The saga of the Rotterdam ‘parkshuttle’ continues. After nearly eight years of setbacks (including the December 2005 crash), the driverless robot buses — that are supposed to bring commuters from a metro station to an office park on a two-kilometer special road — takes another blow as the company that made the buses has filed for bankruptcy.
The project has been plagued with problems from the start. The buses started driving in 1999, when already there were many technical problems. Testing was halted for nine months until a limited number of passengers were allowed to use it again. When the official test period ended in June 2000, work started on expansion of the route, which eventually lasted until December 2005, when finally the first buses started going again. Prime Minister Jan Peter Balkenende made the first official trip, which received a lot of media attention, when five days later two buses crashed into eachother. Before the investigation into the crash could be completed, one of the buses burnt out in a garage.
Since that incident it has been rather quiet around the project. Originally the shuttle was supposed to start again in January of this year, but this has been delayed when one of the six vehicles went missing! It is now uncertain if the unmanned ‘peoplemover’ will ever go again, as the designer of the buses, Frog/2getthere, has just filed for bankruptcy.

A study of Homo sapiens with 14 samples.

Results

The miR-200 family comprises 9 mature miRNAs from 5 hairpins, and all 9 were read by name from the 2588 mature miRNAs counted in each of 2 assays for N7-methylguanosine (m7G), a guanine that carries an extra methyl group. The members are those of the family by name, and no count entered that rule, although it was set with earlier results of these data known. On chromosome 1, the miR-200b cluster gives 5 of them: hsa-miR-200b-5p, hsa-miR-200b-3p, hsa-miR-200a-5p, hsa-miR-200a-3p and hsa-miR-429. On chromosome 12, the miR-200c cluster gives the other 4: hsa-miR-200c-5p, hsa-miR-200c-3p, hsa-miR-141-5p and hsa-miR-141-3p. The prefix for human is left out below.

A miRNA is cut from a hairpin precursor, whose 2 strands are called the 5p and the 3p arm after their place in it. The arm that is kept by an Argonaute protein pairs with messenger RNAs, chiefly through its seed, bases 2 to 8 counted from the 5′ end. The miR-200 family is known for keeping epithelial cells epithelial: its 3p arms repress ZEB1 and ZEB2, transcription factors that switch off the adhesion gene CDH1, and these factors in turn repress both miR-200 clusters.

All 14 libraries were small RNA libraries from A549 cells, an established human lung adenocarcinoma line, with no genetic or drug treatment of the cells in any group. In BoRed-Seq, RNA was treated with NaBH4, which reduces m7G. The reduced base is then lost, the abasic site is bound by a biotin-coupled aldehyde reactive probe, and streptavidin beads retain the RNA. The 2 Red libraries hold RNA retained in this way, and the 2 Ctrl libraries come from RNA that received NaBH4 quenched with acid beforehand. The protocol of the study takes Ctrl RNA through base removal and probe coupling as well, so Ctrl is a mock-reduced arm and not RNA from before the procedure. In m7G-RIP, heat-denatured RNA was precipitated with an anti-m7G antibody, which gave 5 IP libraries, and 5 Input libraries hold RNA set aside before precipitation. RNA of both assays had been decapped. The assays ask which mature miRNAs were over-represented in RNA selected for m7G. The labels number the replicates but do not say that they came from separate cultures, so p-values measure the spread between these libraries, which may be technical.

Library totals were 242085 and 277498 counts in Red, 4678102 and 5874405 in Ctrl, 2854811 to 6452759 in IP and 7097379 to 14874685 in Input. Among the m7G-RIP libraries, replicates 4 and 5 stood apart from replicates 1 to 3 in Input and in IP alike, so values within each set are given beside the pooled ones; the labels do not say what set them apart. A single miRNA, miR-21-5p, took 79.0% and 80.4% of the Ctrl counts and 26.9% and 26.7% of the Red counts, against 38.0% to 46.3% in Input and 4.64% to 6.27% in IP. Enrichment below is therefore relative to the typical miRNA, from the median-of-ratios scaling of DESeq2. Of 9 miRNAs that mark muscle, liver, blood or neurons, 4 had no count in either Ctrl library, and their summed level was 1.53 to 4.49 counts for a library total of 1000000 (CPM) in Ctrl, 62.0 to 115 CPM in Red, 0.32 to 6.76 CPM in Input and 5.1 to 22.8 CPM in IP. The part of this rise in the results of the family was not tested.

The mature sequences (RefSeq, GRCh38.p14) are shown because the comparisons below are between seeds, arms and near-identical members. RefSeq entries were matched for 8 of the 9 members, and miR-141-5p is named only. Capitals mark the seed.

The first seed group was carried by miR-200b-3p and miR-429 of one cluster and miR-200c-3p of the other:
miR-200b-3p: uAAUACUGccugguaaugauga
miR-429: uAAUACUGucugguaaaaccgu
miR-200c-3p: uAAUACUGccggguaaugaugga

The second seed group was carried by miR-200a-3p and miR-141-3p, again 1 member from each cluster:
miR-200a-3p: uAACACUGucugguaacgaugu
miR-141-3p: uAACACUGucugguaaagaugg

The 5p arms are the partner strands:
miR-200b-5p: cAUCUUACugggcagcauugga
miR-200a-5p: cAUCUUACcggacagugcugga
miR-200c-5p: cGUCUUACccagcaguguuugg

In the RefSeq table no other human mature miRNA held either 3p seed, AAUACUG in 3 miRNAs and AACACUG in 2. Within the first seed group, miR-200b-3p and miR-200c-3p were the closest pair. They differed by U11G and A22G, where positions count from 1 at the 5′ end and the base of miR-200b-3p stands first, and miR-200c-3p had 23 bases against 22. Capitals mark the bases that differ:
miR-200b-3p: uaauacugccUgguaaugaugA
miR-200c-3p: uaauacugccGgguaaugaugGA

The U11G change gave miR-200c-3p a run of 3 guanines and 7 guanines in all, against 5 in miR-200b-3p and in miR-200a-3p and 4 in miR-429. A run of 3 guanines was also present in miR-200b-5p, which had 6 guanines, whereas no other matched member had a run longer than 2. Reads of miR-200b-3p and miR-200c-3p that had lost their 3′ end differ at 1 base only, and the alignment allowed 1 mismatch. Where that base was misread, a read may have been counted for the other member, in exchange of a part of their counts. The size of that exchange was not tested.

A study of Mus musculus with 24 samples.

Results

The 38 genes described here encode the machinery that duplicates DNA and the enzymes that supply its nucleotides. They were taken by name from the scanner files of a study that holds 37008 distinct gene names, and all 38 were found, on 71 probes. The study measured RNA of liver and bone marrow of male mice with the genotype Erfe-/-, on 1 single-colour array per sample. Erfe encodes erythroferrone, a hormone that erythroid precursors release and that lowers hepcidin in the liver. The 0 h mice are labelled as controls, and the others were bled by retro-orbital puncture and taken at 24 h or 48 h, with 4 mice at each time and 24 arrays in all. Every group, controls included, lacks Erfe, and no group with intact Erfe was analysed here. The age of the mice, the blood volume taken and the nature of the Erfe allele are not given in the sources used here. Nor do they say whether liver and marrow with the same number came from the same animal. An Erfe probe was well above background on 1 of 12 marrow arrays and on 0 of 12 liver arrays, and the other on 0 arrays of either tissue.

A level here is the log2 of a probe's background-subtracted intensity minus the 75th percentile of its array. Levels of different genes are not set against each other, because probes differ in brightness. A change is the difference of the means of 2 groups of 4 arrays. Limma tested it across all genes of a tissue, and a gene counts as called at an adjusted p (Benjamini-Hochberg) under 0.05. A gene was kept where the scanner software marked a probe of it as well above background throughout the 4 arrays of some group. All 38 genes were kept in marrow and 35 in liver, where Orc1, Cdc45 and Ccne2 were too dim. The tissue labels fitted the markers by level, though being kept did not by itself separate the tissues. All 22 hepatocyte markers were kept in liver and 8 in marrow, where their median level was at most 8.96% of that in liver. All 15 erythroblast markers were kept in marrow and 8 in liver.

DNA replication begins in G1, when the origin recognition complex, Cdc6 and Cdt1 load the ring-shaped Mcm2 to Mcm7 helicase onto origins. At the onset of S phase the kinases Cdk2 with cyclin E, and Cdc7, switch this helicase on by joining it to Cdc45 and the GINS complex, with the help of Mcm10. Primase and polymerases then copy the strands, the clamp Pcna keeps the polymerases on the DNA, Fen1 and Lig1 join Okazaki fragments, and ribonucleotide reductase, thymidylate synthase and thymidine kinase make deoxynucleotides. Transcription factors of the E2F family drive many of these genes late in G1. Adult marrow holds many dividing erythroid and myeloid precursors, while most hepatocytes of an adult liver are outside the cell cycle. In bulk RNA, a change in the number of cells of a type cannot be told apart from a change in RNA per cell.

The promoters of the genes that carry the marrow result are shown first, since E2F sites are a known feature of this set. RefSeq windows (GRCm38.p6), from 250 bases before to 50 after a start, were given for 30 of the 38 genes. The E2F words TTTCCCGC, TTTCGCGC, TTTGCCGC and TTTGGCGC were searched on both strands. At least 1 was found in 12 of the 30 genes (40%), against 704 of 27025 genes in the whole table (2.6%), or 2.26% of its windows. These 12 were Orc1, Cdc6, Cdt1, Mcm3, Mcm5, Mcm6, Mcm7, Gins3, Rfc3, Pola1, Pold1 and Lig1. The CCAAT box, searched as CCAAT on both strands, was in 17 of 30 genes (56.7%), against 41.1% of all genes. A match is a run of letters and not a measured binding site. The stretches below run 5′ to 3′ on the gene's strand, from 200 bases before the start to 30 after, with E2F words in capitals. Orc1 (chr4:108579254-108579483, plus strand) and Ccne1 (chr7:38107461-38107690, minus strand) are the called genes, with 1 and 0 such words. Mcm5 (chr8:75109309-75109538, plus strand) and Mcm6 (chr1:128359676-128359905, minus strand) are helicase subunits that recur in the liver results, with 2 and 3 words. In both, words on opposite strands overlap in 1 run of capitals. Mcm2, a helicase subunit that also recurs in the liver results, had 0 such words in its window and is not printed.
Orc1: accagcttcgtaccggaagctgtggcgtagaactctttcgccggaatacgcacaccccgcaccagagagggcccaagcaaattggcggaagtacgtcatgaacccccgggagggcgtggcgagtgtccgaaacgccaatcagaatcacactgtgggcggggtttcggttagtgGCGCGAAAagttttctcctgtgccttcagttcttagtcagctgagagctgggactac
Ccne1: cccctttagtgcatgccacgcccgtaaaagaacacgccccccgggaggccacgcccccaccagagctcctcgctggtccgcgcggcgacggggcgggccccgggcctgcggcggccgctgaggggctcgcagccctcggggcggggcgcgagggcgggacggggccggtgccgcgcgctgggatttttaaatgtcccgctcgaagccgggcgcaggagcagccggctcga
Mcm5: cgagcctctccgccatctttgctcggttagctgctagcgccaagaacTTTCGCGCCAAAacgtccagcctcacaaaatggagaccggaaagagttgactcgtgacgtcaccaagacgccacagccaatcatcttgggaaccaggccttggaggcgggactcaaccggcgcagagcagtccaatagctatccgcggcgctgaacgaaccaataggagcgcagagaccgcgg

In the meantime, the city of Rotterdam and transport company Connexxion have invested 6.2 million Euro in the ‘parkshuttle’, not including the costs of testing in the first few years starting in 1999.
Since the bankruptcy was announced a week ago, the city of Rotterdam and Connexxion are talking about the possibilities of continuing the shuttle. “The project is too important to cancel now,” said spokesperson Aart Jan van Kapel.
A decision will be made within two weeks. Connexxion and the city are dependent on Frog/2getthere, as it is the only company in the world that has made this type of system.